WellRead’s November 2021 selection was Oh William! by Elizabeth Strout. The thing we love about Strout's fiction, the thing that makes her one of Ann Patchett's favourite writers and has her compared to the likes of Hemingway (some would say she betters him), is her capacity to illuminate complex truths about humanness so effortlessly. Hilary Mantel sees this as Strout's “perfect attunement to the human condition", which only seems to grow stronger and is fully-flexed in this, her ninth book.
Use these discussion questions to engage with the book further, whether in a book club with friends, or just on your own as you digest the story.
Reading questions for Oh William! by Elizabeth Strout:
Lucy often has revelations about herself. "I was self-absorbed," she realises. Do you think Lucy is as generous to her own character as she is to others?
Without asking too loaded a question, do you think Lucy does William's emotional labour (she goes to Lois for him, she has to tell their daughters what happened in Maine because he "doesn't feel like it")?
William believes that, generally speaking, people don't choose things, they just do. Reread pages 154 and 155 and consider how people make choices.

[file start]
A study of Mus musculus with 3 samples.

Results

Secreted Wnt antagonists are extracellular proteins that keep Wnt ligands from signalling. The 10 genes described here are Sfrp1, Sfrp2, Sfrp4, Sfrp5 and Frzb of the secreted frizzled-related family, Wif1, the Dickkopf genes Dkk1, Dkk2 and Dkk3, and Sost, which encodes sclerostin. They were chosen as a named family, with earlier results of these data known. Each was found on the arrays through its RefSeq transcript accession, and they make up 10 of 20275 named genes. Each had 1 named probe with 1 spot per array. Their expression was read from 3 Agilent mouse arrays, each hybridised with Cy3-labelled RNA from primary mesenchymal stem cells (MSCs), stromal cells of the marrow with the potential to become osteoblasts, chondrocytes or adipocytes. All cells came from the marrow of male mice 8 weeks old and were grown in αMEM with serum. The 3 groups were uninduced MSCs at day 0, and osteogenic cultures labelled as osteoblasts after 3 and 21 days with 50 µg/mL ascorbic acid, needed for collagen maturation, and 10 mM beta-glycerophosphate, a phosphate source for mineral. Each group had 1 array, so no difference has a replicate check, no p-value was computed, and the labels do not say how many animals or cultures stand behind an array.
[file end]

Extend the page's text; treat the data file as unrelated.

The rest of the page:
What did you make of the narrator’s conversational prose and all of its stops and starts and colloquialisms?
“This is the way of life,” Lucy says: “the many things we do not know until it is too late.” What did you make of this sentiment?
- "I am not invisible no matter how deeply I feel that I am." What did these words mean to you? How do they relate to Lucy's trauma?
A review by Pankaj Mishra observed that "for all the depths of anger and despair they uncover, and the bitterness they attest to, Strout’s works insist on the superabundance of life, the unrealised bliss always immanent in it." Do you share this sentiment? What does Strout's writing evoke in you?
Please note, these questions were written and distributed in November, 2021.